The Jenny Ruth Column

Tuesday 11th July 2006


The company paid $14.4 million in early 2002, buying the Victorian stores out of receivership, and wrote $7 million of that off in its latest result. On top of that, the Victorian stores contributed a $3.1 million net loss to the latest annual result and a similar sized loss the previous year.

But the New Zealand operations appear to be in considerably better shape now than when managing director Vicki Salmon first stepped into the hot seat in August 2003 after the abrupt departure of her predecessor.

Back then, the company seemed to have lost the plot with its main profit engine, the KFC chain, which was showing declining sales and profit margins and the anecdotal noise about basics, such as a lack of restaurant cleanliness, was awful.

The company's coffee shop chain Starbucks, which was supposed to be a growth story, was also reporting successive quarters of declining sales and it was already apparent that the Victorian operations weren't going to produce the expected results.

The one part of the company then thriving was the New Zealand Pizza Hut operations, although there were already signs of increasing competition and of margin erosion.

Nearly three years down the track, KFC and Starbucks seem firmly back on track but that promised competition seems to be biting Pizza Hut hard.

KFC's first quarter sales were up 7 per cent and its same-store sales were up 5.8 per cent after a 5.4 per cent rise in the previous fourth quarter.

The company is working through implementing a "transformation" program of refurbishing the stores with nine completed at the end of the first quarter and another four in progress - the refurbished Ponsonby store opened last week. The company said in its annual report that the seven stores then "transformed" had shown an average 20 per cent increase in same-store sales.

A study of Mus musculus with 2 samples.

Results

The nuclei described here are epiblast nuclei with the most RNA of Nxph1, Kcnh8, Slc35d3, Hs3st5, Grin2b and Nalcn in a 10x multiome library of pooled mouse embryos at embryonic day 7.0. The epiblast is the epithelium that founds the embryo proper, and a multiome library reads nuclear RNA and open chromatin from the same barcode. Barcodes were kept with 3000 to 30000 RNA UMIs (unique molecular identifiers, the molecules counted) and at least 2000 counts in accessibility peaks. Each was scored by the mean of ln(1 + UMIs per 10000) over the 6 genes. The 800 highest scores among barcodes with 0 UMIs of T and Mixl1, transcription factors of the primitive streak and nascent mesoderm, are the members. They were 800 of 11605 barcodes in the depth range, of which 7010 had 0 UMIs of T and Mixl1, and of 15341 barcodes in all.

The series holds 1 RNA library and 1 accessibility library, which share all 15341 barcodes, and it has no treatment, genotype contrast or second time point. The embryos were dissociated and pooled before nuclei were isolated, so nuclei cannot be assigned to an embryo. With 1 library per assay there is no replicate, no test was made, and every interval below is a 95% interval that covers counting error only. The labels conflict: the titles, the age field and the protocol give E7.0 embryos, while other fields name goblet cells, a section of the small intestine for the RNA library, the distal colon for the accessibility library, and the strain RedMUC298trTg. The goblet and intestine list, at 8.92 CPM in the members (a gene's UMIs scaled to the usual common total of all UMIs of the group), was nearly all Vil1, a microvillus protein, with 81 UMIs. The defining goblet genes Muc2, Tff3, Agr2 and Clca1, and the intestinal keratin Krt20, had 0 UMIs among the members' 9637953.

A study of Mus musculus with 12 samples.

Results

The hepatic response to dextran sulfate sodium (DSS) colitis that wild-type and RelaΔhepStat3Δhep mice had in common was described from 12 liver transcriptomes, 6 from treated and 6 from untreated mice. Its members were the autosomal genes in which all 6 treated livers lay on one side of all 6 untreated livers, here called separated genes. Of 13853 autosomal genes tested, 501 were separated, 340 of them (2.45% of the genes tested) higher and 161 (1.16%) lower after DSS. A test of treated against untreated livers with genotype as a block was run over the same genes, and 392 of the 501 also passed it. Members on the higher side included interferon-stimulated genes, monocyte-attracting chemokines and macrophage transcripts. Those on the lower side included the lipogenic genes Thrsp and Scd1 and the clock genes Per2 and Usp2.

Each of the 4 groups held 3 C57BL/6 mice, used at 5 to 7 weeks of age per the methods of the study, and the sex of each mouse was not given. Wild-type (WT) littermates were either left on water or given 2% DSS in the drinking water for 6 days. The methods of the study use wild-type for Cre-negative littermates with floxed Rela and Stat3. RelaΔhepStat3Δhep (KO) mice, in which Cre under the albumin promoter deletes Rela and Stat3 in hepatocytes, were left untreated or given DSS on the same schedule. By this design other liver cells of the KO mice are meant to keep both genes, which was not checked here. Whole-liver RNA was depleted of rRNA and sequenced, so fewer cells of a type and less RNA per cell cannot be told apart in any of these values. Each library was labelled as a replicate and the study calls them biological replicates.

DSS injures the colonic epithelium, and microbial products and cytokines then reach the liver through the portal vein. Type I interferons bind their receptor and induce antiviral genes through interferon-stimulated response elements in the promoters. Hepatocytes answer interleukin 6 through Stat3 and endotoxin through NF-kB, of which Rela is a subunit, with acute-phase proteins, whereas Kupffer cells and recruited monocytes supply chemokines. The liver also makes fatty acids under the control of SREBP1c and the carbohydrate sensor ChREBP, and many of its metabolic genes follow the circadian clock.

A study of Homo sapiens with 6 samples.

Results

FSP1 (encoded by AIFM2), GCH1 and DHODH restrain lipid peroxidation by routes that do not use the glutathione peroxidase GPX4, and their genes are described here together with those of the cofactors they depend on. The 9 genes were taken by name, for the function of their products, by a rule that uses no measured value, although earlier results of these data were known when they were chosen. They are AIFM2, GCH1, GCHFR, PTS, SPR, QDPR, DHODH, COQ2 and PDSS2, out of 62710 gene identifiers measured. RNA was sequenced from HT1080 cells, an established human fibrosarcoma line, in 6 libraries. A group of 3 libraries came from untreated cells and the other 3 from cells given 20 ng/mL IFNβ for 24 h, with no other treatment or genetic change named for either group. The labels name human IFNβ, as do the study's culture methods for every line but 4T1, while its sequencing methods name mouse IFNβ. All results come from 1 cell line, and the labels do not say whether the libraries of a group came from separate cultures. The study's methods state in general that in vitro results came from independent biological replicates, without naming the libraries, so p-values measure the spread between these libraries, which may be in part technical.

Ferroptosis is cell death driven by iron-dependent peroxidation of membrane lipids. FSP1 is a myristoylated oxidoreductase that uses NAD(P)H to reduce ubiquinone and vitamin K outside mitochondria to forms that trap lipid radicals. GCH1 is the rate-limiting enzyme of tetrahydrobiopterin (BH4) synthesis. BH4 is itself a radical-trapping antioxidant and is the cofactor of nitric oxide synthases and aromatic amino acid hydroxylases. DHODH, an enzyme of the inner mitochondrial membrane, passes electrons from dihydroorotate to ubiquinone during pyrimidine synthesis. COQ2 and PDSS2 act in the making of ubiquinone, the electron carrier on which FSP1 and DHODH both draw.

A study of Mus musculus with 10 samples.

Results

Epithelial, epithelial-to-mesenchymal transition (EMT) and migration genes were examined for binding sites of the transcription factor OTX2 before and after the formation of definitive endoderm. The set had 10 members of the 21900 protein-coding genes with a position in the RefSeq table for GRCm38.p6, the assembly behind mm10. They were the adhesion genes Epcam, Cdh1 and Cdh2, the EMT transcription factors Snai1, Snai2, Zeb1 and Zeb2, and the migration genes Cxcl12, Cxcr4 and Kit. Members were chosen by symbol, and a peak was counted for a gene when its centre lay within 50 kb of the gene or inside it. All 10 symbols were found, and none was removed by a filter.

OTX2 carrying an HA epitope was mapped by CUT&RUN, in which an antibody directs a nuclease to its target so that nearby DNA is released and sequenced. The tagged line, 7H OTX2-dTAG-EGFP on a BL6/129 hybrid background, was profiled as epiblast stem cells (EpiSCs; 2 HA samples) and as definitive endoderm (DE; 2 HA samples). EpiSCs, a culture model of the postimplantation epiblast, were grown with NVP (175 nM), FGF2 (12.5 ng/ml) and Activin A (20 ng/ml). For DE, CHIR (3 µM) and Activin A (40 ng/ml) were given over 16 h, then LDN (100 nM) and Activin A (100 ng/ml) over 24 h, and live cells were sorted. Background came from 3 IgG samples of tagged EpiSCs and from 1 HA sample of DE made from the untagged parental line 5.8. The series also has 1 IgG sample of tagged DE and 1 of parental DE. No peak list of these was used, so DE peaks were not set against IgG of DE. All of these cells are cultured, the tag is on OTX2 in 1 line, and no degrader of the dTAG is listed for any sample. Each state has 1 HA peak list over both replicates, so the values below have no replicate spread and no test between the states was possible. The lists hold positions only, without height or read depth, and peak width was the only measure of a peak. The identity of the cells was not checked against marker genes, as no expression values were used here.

Salmon says that before the transformation program could begin the company had spent about 18 months stabilising the KFC business. "Back in 2003 when we had the crisis in our business, we realised we just had to get back to basics," she says. "You can't implement a strategy on top of a business that's not going well."

Now about 70 per cent of the KFC stores are in positive territory compared to only a handful when Salmon walked into the job, she says.

Just how important that is to the company can be seen in the fact that KFC contributed 54 per cent of sales and 65 per cent of operating earnings in the year ended February.

Starbucks is also back on a growth track having achieved two-and-a-half years of same-store sales growth. Store numbers have increased from 35 to 44 and the chain's general manager Steve Montgomery has set his sights on doubling the initial target of 50 stores.

Salmon says while Montgomery is being "very enthusiastic," other food chains have more than 100 outlets in New Zealand. To begin with, 50 stores had seemed a stretch for Starbucks but now it's nearly there, she says.

With Pizza Hut, Salmon says it's important to note that last winter "we had the best sales weeks in the history of the company" with events such as the Lions tour boosting sales - pizza sales are heaviest when there are rugby matches on. This year, there have been far fewer games and the Argentinian game was in the morning, our time, when people just don't eat pizza.

"You can't always rollover your own success. We know that sales will be negative for a while." But the company is also working on strategies to mitigate that, she says.